One of underappreciated pleasures of living near the shores of Puget Sound in northwest Washington state is the annual springtime spectacle: watching juvenile bald eagles attempting to fend off a determined flock (murder?) of crows working as a team to drive the eagles away from their nesting areas.
Sometimes these aerial battles, which literally take place right above my backyard, last as long as four or five minutes. Surprisingly, the young eagles are not nearly as adept as you might imagine, and the clever crows use their superior agility and numbers to harass the eagles until they’re forced to fly away.
Of course, when I lived back East years ago, the sight of a bald eagle, juvenile or otherwise, would have been front-page news, because back then, eagles were a species that was threatened with extinction. The reason proved to be straightforward: Widespread use of the potent pesticide DDT (dichloro-diphenyl-trichloroethane).
The problem was that DDT is solvent in fats or oils. As a result, it bio-accumulates in the fatty tissues of animals, especially those at the top of the food chain, such as predators like eagles, hawks and condors.
In humans, DDT exposure can cause damage to the liver, the nervous system and even birth defects. With eagles, their numbers began declining sharply in the 1960s and 1970s because the DDT they were ingesting made their eggshells thin and fragile, and the birds weren’t able to reproduce effectively.
Now just this year, the symbol of the nation has been removed from the protected list by the Washington Fish and Wildlife Commission, which acknowledged the raptor’s comeback from threatened extinction. “It’s a real success story,” agency spokesperson Hannah Anderson told news reporters.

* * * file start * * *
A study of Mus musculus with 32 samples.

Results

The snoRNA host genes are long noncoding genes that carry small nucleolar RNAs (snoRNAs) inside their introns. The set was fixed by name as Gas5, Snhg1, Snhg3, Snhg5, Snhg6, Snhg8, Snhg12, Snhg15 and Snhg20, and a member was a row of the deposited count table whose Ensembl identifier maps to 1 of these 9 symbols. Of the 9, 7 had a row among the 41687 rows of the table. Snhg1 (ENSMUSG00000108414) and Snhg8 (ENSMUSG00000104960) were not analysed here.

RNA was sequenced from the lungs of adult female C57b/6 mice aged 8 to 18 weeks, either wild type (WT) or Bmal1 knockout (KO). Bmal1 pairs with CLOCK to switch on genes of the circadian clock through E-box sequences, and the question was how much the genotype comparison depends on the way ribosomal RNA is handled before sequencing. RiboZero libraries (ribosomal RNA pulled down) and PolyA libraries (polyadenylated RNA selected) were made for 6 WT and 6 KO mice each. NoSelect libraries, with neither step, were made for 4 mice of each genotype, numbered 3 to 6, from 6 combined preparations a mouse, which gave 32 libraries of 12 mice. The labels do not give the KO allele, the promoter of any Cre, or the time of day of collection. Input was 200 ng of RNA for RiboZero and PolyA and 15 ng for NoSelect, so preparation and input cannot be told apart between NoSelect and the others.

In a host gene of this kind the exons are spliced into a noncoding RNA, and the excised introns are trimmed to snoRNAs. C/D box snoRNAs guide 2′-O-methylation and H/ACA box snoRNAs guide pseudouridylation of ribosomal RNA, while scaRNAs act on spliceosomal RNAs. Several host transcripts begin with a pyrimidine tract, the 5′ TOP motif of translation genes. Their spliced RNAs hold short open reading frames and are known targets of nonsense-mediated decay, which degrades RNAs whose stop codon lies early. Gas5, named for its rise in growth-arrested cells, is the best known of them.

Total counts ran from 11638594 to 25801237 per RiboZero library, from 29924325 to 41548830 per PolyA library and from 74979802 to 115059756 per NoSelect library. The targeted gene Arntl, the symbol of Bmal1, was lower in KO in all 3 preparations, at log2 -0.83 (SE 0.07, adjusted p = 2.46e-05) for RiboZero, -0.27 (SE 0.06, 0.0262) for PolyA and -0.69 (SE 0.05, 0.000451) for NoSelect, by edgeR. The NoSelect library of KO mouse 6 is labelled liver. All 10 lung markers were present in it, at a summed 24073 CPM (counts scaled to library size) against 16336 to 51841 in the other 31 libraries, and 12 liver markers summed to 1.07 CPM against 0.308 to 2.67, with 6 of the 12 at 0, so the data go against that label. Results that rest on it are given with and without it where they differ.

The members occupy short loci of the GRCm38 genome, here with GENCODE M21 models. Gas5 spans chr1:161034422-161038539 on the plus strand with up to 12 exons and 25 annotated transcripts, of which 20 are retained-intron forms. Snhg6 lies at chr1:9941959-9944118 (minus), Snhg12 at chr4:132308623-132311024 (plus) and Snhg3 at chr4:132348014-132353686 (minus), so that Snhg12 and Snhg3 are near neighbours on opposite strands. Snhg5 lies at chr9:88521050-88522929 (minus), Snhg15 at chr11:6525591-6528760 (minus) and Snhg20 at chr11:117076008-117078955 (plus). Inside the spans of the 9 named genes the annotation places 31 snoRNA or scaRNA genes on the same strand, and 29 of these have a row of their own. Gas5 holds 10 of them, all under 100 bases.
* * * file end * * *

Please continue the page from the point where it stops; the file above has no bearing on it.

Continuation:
A Regulation that Worked
It’s easy to demonize the mass of federal regulations, and truthfully, many are cumbersome and problematic for businesspeople. EPA, in particular, has been excoriated by agricultural interests as an agency whose authority ought to be eviscerated, since its agenda (allegedly) is anti-industry.
Blanket condemnation of any federal agency is counterproductive, however, and in the case of the bald eagle, as well as other avian species, EPA’s regulatory authority turned out to be downright heroic.
That’s because in 1972, EPA banned the use of DDT, not only because of its impact on wildlife, but also because its toxicity was determined to be seriously problematic for people, as well.
It took several decades, but once the pesticide was removed from the environment, the populations of eagles and other raptors began to rebound. In fact, a recent study by the state of Washington identified 1,334 eagle nesting sites, mostly in the northwestern part of the state where there are numerous lakes and salmon-bearing rivers.
And talk about an impressive lifestyle: Bald eagles instinctively return from northern Canada and the Arctic each spring to the same nest or nesting territory, and those nests are often four to six feet across and can weigh as much as 2,000 pounds.
The point of this feel-good story is that the American bald eagle, which appears on U.S. currency, on the official Great Seal of the United States (holding a bundle of arrows in one talon and an olive branch in the other) and in too many numerous patriotic depictions to catalog, is alive and well as a result of government regulation.
“In some ways, [their recovery] was an easy success story,” Ruth Milner, a regional biologist for Washington’s Fish and Wildlife Commission, told The Herald newspaper. “We identified their problem and removed it from the environment.”
Granted, most regulatory edicts aren’t as clear-cut in their impact as the DDT ban, nor as beneficial to both industry and the public.
But the backstory of how the bald eagle journeyed from near-extinction to full recovery is a cautionary tale for those who reflexively oppose all government regulations as being intrinsically bad.
What would have been bad is if the majestic bird that for 235 years has served as our national symbol had perished from these United States.
Editor’s Note: The opinions in this commentary are those of Dan Murphy, a veteran journalist and commentator.